Kolkata, July 1 (IANS) The Congress and Left parties need to come together in a political front or on a common platform in West Bengal to effectively fight the “murder of democracy” by the ruling Trinamool Congress (TMC) and the “communal agenda” of the Bharatiya Janata Party (BJP), says a senior Congress party leader.
“The joint entity should be broad-based and necessarily involve and include all the non-TMC and non-BJP political parties, political organisations, trade unions, civil society organisations and prominent citizens from various walks of life,” said state Congress General Secretary Om Prakash Mishra.
Railing against an “unholy and undercover understanding” between the Trinamool and the BJP-RSS (Rashtriya Swayamsevak Sangh) combine, he said Bengal now faced a unique situation.
“Though RSS-BJP has been traditionally weak in Bengal of late we can see some kind of ‘rise’ of the saffron brigade. The goal of retaining political power and shielding its leadership from investigation, detention and conviction in corruption cases by the CBI over chit-fund scams and Narada sting makes the Trinamool compromise with the political interests of the BJP in the state,” said Mishra, a Jadavpur University professor.
Coming down heavily on the Trinamool, he said its “brutal and repressive measures” in “connivance” with police and administration against the opposition in the state was designed “to weaken Congress and Left parties and to indirectly encourage the BJP to fill the political space forcibly vacated”.
“The systematic and forcible nature of defections of elected MLAs/local bodies’ functionaries throughout the state and unprecedented violence resorted to against opposition political parties has served to increase communal polarisation that suits both TMC as well as BJP.”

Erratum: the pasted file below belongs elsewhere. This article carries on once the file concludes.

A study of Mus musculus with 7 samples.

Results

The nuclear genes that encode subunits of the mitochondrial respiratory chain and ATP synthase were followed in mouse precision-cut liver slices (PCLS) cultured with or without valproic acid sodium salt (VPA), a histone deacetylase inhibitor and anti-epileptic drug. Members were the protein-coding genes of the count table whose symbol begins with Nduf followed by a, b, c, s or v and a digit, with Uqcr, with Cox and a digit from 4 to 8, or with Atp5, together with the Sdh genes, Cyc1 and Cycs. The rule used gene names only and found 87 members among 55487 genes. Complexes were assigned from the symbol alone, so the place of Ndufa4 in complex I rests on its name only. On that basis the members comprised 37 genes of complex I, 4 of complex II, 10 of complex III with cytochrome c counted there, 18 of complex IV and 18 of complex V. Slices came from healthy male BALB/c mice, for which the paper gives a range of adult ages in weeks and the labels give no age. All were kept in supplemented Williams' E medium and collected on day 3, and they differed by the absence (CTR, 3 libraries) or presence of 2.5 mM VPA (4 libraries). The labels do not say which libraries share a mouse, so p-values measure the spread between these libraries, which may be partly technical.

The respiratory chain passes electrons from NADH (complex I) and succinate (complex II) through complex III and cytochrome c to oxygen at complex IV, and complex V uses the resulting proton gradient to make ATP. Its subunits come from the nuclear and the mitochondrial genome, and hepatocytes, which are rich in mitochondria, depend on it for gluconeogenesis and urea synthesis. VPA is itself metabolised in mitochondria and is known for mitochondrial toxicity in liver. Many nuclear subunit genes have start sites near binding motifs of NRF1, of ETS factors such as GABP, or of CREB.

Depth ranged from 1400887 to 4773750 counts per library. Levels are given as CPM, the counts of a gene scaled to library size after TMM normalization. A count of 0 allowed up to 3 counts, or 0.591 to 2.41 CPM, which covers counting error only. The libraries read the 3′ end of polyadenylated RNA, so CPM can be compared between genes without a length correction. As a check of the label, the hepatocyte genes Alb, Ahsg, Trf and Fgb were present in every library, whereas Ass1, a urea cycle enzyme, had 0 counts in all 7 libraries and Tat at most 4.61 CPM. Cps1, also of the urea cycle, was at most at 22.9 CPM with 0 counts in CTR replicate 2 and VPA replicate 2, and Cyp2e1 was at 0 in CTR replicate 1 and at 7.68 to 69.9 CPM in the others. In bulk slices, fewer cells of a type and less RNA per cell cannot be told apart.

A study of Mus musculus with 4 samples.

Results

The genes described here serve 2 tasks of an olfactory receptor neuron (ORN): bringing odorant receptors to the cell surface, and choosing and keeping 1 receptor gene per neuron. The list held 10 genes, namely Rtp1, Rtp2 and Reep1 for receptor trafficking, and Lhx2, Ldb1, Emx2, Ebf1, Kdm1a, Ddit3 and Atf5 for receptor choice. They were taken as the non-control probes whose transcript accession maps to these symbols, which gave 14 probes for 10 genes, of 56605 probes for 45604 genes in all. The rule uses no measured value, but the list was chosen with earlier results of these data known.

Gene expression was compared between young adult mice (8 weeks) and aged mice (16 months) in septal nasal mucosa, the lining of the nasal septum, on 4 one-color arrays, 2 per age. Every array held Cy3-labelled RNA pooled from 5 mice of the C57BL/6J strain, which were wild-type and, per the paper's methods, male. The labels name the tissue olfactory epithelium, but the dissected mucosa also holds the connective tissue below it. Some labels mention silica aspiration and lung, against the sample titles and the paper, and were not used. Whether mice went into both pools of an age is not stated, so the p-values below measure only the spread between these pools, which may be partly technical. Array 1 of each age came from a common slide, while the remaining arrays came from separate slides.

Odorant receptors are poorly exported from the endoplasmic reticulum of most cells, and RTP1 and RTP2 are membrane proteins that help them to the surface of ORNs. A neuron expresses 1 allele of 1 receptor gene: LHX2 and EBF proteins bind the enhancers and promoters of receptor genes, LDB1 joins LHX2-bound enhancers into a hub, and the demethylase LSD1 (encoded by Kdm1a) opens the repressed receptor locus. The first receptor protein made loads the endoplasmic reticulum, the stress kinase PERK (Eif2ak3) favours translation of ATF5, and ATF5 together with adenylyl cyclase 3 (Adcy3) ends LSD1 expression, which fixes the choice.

Strongly opposing any tie-up between the Congress and the Trinamool, he said while the Congress and Left parties have not compromised on the question of secularism, “Trinamool has a history of cohabitation with BJP for about 10 years”.
He also discounted any Left-Congress-Trinamool tie-up in the state to pit the BJP in a one-to-one fight in the 2019 Lok Sabha polls, arguing that such a formation might amount to ceding opposition space to the BJP.
Mishra told IANS he was canvassing for the coming together of the Congress and the Left with the approval of the state Congress leadership.
“In April, we had a Pradesh Congress Committee meeting where this issue was deliberated upon. State Congress President Adhir Ranjan Chowdhury asked for suggestions. The meeting unanimously authorised me to initiate discussions with Left parties and prepare a roadmap.”
Mishra has already come up with a detailed note on the subject.
When it was pointed out that former Union minister and sitting Congress MP Abu Hasem Khan Choudhury has already met the Trinamool leadership seeking an anti-BJP “mahajot” (grand alliance” in the state, Mishra said: “He went in his personal capacity, not on behalf of the party. The state Congress chief has already made this clear.”
Asked about the failure of the Congress-Left alliance in the 2016 assembly polls, Mishra said: “Last time we got 39 per cent of the votes. The BJP’s vote share got reduced as the Left-Congress came together.
“But yes, we did not make progress to the extent we would have liked. That’s because it was stitched at the last moment, there were misgivings and reservations, we had no Chief Ministerial candidate, there was no joint mechanism of campaign, we faced an acute resource crunch,” he said.
However, he regretted that the Communist Party of India-Marxist’s decision not to continue the electoral understanding after the Assembly polls. “That weakened the momentum the ‘Jote’ had achieved during March-April 2016.”
Mishra predicted that there would be a drop in the BJP’s vote share if the Left-Congress joined hands. “The BJP will be affected in a negative way. On the other hand, the combine would draw a lot of minority votes. Minorities trust both the Left and the Congress.”